The final stanzas of this poem reach yet further outward, tracing a foundational flaw in Canadian culture. Morse explains that even those Indigenous people who have not been so dramatically victimised,
the living[,] are somehow missing from our syrupy hockey- rioting six-packing cultural whoop still not finding quite the right role in our red-hot company romance. (81)
Morse poignantly protests the exclusion of Indigenous people from the hockey-beer-and-maple-syrup whitestream culture. Their absence from what Morse calls the ‘cultural whoop’ and the ‘red-hot company romance’ obliquely evokes well-documented inequities in health, housing, education, and even access to potable water. Morse avoids pedantry in making these points, but the accretion of details across the long arc of Prairie Harbour is as persuasive as it is devastating.
Although Morse’s critiques of settler colonialism and its attendant everyday forms of racism are timely and significant, to discuss only these aspects of his work would ignore Prairie Harbour’s other investments. Throughout, the sounds of the French horn ring out, ‘Giacometti’s grey people’ wander past (30), and Morse references Hegel and ‘horndogging’ within a single stanza (27), which goes some way toward illustrating his poems’ wild and impressive scope. As Prairie Harbour rises to its point of highest tension late in the final section, it combines discussions of historical and contemporary anti-Semitism with descriptions of Gustav Mahler’s symphonies, references to Stéphane Mallarmé’s Un coup de dés, descriptions of the Hadron collider, and chants of ‘GO RIDERS GO,’ which celebrate the local football team. There are also a number of quotations from essays on and interviews with the painter Agnes Martin, who is one of the touchstone figures of the book. The range of sources and fonts is dizzying, and gives the lie to any notion that the prairies contain nothing – in both positive and negative ways.
Although she is often associated with the American southwest, Martin was born in the small town of Macklin, Saskatchewan, and her spare, gridded canvases closely resemble the landscape of her youth. Her paintings, which seem to depict nothing and yet vibrate with a quiet and brutal intensity, provide a way into imagining what it is that Morse is getting at in his notion of a ‘prairie harbour.’ Martin’s poem/manifesto ‘The Untroubled Mind’ (1972) resonates especially in the final poem, where Morse calms the dense and increasingly tense accumulation of fragments from the immediately preceding sections. Unlike the earlier poems in the final section, ‘Prairie Harbour 13-24,’ this last text is written only in one sans serif font and involves much more white space, resulting in a quieter, more ‘untroubled’ tone. The relative emptiness of the page, like the deceptive emptiness of Martin’s paintings, allows for a few closing insights: ‘you’re just like me // a lone / plume / overwhelmed’ (157). In this simultaneous vision of similarity and isolation, there is ‘consolation // that rigid non-colour’ (157). Morse suggests that in ‘a rock,’ and ‘grass / through the wind’ we can summon ‘a vision of // quiet’ which is ‘great comfort’ (157).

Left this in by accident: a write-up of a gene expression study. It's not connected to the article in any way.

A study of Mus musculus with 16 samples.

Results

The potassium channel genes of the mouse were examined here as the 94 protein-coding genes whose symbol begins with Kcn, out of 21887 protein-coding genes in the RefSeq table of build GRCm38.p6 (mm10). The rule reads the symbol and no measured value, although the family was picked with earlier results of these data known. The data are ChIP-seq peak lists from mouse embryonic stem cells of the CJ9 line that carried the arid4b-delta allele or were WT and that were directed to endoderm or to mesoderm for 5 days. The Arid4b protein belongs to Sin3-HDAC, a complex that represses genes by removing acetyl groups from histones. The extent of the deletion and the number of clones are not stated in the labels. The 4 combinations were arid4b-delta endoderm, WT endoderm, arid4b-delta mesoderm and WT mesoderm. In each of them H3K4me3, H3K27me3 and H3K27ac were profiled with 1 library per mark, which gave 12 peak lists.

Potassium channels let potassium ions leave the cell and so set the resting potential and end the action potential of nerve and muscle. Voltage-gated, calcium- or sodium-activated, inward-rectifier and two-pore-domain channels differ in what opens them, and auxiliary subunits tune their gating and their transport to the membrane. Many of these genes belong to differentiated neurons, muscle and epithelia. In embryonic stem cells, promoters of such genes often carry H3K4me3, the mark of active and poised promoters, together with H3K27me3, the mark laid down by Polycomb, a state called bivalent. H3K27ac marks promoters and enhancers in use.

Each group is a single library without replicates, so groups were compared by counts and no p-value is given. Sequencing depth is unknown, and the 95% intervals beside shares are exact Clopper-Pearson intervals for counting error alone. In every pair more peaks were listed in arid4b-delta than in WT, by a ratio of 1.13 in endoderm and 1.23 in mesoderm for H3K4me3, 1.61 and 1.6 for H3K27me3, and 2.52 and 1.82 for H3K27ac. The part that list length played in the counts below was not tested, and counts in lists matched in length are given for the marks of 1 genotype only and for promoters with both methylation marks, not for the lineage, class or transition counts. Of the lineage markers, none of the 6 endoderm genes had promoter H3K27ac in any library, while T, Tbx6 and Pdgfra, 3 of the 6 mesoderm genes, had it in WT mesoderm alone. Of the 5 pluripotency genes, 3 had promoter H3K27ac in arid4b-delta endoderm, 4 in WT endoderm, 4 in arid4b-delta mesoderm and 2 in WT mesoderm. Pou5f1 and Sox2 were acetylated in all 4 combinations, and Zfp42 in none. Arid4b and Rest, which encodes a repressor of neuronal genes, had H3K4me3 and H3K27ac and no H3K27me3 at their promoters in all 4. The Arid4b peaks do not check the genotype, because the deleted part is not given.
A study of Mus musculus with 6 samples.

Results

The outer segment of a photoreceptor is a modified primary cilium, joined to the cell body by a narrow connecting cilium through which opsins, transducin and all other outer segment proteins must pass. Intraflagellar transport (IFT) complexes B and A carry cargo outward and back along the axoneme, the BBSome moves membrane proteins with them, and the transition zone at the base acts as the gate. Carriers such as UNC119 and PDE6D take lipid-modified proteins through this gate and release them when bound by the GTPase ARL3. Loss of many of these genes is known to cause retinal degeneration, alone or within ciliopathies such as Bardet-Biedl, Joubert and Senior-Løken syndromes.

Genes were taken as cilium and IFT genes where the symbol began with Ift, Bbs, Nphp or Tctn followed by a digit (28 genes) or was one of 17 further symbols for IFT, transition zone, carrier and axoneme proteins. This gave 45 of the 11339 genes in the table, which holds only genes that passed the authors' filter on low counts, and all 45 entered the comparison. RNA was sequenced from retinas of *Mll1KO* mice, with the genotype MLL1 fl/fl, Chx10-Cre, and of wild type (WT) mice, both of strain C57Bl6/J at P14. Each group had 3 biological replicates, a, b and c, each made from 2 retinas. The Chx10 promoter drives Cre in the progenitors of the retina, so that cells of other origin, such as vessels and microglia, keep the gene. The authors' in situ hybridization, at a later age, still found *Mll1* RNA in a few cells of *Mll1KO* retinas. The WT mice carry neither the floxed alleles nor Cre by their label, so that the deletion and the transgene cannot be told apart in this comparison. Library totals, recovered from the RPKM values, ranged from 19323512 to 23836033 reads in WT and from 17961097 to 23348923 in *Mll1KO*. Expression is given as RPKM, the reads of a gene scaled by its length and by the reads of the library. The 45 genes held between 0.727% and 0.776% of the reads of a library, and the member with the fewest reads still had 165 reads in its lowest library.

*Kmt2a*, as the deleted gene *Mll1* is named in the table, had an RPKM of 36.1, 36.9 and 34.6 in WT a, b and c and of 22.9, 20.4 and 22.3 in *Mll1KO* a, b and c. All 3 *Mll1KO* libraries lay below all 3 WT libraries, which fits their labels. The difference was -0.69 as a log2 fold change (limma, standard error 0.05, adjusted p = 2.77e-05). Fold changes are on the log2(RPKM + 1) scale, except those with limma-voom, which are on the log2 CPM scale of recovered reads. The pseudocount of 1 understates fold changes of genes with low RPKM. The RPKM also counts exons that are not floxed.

If this seems an ascetic (or aesthetic) retreat into nature, I would suggest that because it comes at the end of the book this need to quiet the mind is best viewed as the result of the prior work’s dizzying explorations of Regina’s ‘complex / of contrarian / occasions’ (48). Of course, one of the best-known difficulties of the long poem is how to end it, and I think that Morse’s provision of a safe and quiet harbor for the mind is especially apt. With his intense examination of what the prairie harbors – including much ugliness and substantial racism – some shelter is needed, especially if the mind is expected to go on producing, or to go on at all.
Perhaps I am being too literal, but I think that the Olsonian sense of page as field takes on a new significance when it is used to represent a place that is primarily known for not much more than its abundance of actual fields. The flat, empty terrain surrounding Regina typically signifies boredom and blank nothingness – people joke that you can watch your dog run away for days. But Morse reconfigures the meaning of nothingness through his engagement with Martin, and repopulates these fields through his analysis of the local culture and its history. His use of collage and deep engagement with place are clearly indebted to second-wave modernist poetics, and like many second-wave modernist works, they do much to complicate and enliven the place they represent. It was refreshing to see my hometown afforded such complexity, perhaps especially because the portrayal was not often flattering.
But the fact that the book does end signals its difference from many other mid- and late-twentieth-century epics. While Morse’s full immersion in the prairie reveals the histories and ecologies that subtend Regina’s suburban sprawl, the book nevertheless cleanly draws to a close – we can drive away and leave the bedroom community behind. Morse has not trapped himself into a life’s work; the dropped threads of his explorations can be picked up and pursued by other poets and scholars. Even as Prairie Harbour concludes, it demonstrates that there is enough drama in suburbia’s little boxes to keep us all going for a good, long while.